Despite the many tactical and rule changes the game of football has seen since its inception, a common theme has prevailed in that the most disciplined team usually has the best chance of winning a football game. And on Sunday, the Green Bay Packers once again were not that team.
One would have to go back to November 13, 2016 for the last time Green Bay was penalized 12 times in a single contest. Much like the Packers’ ugly 31-23 loss to the Detroit Lions on Sunday, the game two years ago also resulted in a humiliating defeat, a final score of 47-25 at the hands of the Tennessee Titans.
For the Packers of 2018, this was a new low in what has been a simply excruciating season filled with yellow pieces of cloth. Green Bay ranks just behind Pittsburgh and Kansas City for most penalties in the NFL in the early going with 43 total penalties for a whopping 413 total yards. But really, it was just two weeks ago that Green Bay was penalized 11 times on the road in Washington. While it has not been pretty regardless of location, the Packers’ first two road games have now resulted in a combined 23 flags for 227 yards.
Rightly so, the Packers have been criticized for getting off to slow starts this season and struggling to close games on defense. But of the Packers 43 penalties in five games this season, 11 have been called in the first quarter and 20 in the fourth quarter. Those totals certainly are not a recipe for success for starting and finishing a football game. At Detroit, Green Bay continued to struggle in those quarters, committing half of its penalties in those two 15-minute segments.
The timing and impact of those penalties loomed notably large against the Lions.
On Sunday, a staggering five penalties came from special teams. While Mason Crosby’s field goal woes provided the storyline on a gloomy day, the errors masked Green Bay’s slew of return penalties that ruined the field position battle and wiped out a long kickoff return from Ty Montgomery. Later, a roughing the kicker penalty from Kevin King on an extra point attempt played a pivotal role in a horrendous ensuing kickoff that saw the Packers start the drive from within their own 15-yard line. Putting the icing on the cake was an offsides penalty on the onside kick attempt in the closing seconds. Green Bay’s inability to consistently get three-and-outs on defense has been a disadvantage this season and special teams penalties only increased that struggle on Sunday.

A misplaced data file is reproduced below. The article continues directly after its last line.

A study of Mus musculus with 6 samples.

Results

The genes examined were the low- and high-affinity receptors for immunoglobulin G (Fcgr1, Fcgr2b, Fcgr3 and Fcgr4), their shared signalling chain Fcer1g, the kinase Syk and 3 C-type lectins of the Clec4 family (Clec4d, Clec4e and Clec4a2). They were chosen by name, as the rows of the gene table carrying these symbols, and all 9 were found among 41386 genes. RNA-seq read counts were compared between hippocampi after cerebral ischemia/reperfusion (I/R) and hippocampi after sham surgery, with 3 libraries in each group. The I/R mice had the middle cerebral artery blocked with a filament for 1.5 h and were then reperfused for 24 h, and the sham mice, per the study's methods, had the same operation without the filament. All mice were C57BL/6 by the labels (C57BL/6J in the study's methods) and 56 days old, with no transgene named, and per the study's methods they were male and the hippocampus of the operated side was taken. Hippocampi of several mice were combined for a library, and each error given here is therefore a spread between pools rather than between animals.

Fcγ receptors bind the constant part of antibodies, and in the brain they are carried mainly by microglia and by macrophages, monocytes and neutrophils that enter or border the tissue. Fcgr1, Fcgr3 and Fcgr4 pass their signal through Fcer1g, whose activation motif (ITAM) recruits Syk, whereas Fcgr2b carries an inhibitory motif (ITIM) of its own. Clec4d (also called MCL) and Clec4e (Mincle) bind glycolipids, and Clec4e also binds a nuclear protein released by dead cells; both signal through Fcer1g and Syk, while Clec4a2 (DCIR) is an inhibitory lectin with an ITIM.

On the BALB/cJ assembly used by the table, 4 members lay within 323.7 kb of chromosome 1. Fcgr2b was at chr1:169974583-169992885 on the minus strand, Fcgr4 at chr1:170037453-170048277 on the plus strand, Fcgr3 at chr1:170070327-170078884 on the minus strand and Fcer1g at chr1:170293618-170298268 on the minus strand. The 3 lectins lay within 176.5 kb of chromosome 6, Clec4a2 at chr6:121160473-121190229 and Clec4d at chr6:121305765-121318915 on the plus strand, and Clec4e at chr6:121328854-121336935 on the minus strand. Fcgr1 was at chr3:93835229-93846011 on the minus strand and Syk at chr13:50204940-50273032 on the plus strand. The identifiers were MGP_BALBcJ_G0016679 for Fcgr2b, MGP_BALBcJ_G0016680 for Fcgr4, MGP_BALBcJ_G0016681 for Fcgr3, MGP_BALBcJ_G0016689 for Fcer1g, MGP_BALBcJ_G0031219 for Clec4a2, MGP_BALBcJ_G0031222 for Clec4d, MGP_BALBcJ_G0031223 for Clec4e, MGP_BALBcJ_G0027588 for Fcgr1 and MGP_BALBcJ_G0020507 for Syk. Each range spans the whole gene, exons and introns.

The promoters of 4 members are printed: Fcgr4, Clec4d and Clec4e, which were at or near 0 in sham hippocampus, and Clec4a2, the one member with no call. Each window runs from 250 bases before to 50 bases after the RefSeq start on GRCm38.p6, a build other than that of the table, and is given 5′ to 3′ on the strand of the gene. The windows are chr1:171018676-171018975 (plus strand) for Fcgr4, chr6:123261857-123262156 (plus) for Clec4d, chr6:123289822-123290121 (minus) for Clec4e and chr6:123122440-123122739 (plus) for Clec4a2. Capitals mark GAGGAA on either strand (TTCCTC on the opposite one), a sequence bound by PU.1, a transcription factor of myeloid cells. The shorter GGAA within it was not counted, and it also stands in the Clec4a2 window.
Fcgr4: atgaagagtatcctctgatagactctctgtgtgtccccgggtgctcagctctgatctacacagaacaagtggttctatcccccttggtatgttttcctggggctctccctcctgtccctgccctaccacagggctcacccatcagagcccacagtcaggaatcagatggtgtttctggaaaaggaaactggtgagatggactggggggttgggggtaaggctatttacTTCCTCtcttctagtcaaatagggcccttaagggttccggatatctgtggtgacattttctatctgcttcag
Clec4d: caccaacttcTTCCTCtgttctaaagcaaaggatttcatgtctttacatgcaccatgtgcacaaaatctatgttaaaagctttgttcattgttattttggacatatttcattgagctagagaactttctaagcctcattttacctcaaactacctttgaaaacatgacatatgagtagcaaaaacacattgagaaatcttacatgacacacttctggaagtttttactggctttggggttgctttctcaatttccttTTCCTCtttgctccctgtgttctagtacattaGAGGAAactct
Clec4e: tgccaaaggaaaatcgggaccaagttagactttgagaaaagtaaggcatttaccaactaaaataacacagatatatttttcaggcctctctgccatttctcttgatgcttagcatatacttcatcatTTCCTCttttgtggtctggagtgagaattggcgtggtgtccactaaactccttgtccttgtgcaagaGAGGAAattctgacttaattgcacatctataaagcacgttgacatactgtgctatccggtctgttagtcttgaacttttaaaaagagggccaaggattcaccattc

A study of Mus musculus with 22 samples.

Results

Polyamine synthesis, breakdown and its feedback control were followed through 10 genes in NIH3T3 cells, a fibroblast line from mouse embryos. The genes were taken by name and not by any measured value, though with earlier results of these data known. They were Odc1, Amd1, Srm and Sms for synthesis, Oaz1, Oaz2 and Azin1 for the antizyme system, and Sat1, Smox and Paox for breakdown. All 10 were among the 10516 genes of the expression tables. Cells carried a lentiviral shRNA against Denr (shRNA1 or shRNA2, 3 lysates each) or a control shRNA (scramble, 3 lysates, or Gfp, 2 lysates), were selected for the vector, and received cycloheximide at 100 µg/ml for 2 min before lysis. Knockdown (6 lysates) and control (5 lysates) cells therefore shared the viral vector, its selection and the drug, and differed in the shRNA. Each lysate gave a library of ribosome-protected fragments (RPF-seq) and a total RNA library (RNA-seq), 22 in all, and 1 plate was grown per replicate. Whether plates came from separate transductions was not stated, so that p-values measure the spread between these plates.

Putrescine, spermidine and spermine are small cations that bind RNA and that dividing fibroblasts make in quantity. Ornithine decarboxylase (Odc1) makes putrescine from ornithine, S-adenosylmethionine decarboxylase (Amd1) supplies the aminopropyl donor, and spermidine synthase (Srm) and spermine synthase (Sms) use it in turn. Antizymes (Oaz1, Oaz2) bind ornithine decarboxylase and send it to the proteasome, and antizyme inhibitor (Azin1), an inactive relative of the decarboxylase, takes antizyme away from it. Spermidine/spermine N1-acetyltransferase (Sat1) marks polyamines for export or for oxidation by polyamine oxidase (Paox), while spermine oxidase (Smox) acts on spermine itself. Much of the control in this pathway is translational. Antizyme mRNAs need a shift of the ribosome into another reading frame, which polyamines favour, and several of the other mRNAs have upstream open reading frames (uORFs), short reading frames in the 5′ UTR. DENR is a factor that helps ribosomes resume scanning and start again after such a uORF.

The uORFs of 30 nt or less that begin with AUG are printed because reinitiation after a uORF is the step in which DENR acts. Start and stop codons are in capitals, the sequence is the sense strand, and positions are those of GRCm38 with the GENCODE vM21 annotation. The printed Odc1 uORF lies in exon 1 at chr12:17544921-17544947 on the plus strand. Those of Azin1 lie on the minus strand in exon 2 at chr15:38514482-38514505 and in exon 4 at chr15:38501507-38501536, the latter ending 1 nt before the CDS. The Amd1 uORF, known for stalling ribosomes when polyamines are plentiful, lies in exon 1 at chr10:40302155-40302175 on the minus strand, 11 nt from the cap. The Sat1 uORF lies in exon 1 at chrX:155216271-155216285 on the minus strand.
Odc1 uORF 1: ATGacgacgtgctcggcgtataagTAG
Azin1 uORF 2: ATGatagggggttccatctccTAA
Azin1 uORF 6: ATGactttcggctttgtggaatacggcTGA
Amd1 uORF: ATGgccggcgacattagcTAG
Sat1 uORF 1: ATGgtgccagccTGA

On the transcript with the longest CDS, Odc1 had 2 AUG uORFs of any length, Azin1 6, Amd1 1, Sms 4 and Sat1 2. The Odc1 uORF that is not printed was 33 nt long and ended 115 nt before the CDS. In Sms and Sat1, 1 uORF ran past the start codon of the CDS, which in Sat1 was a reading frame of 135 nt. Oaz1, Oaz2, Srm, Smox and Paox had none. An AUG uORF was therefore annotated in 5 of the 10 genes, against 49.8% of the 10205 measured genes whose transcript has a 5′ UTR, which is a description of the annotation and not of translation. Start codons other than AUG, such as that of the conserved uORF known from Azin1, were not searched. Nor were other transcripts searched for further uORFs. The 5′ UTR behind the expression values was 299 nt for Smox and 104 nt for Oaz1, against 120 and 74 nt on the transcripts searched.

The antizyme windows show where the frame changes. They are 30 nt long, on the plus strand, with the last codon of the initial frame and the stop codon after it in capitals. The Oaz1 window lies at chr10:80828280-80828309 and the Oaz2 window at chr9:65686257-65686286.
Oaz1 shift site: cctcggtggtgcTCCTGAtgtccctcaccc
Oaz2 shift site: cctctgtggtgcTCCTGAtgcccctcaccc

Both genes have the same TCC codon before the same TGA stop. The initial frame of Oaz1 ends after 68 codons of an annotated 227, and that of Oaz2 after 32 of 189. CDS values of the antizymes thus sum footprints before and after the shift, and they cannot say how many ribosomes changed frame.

Speaking of defense, Green Bay did make a crucial third-down stand midway through the fourth quarter. But an impressive defensive pass breakup from Tony Brown was negated by Brown’s own taunting call that not only left the Packer defense on the field, but led to the Lions’ put-away scoring drive. That was just one of Green Bay’s hideous four penalties of the personal foul/unsportsmanlike conduct variety on Sunday.
While not a personal foul, Aaron Rodgers also committed a 16-yard intentional grounding penalty in the second quarter as the team faced a game-changing third-and-goal situation. The distance would end up playing a significant role in a third missed Mason Crosby field goal. Although the offense limited its penalties to just three in the game, the Rodgers’ miscue proved costly.
In the end, penalties, especially the 15-yard types, often come down to coaching. For the Packers, discipline-related penalties have been an ongoing struggle. During the 2016 season, Green Bay was second in the league with seven unsportsmanlike conduct penalties. While the Packers controversially lead the league in roughing the passer penalties this season with five, there have been several rightly called. It is alarming that such technical issues persist from season to season.
In his post-game press conference, Head Coach Mike McCarthy alluded to the dissatisfaction with penalties and mental mistakes. “At the end of the day it’s about winning ball,” McCarthy said. “We didn’t do enough to win today. We’ll focus on the things that went wrong that we can control and we had too many of those today.”
It is not time to hit the panic button yet, but another week cannot go by without McCarthy and his staff indeed focusing on the team’s penalty blues.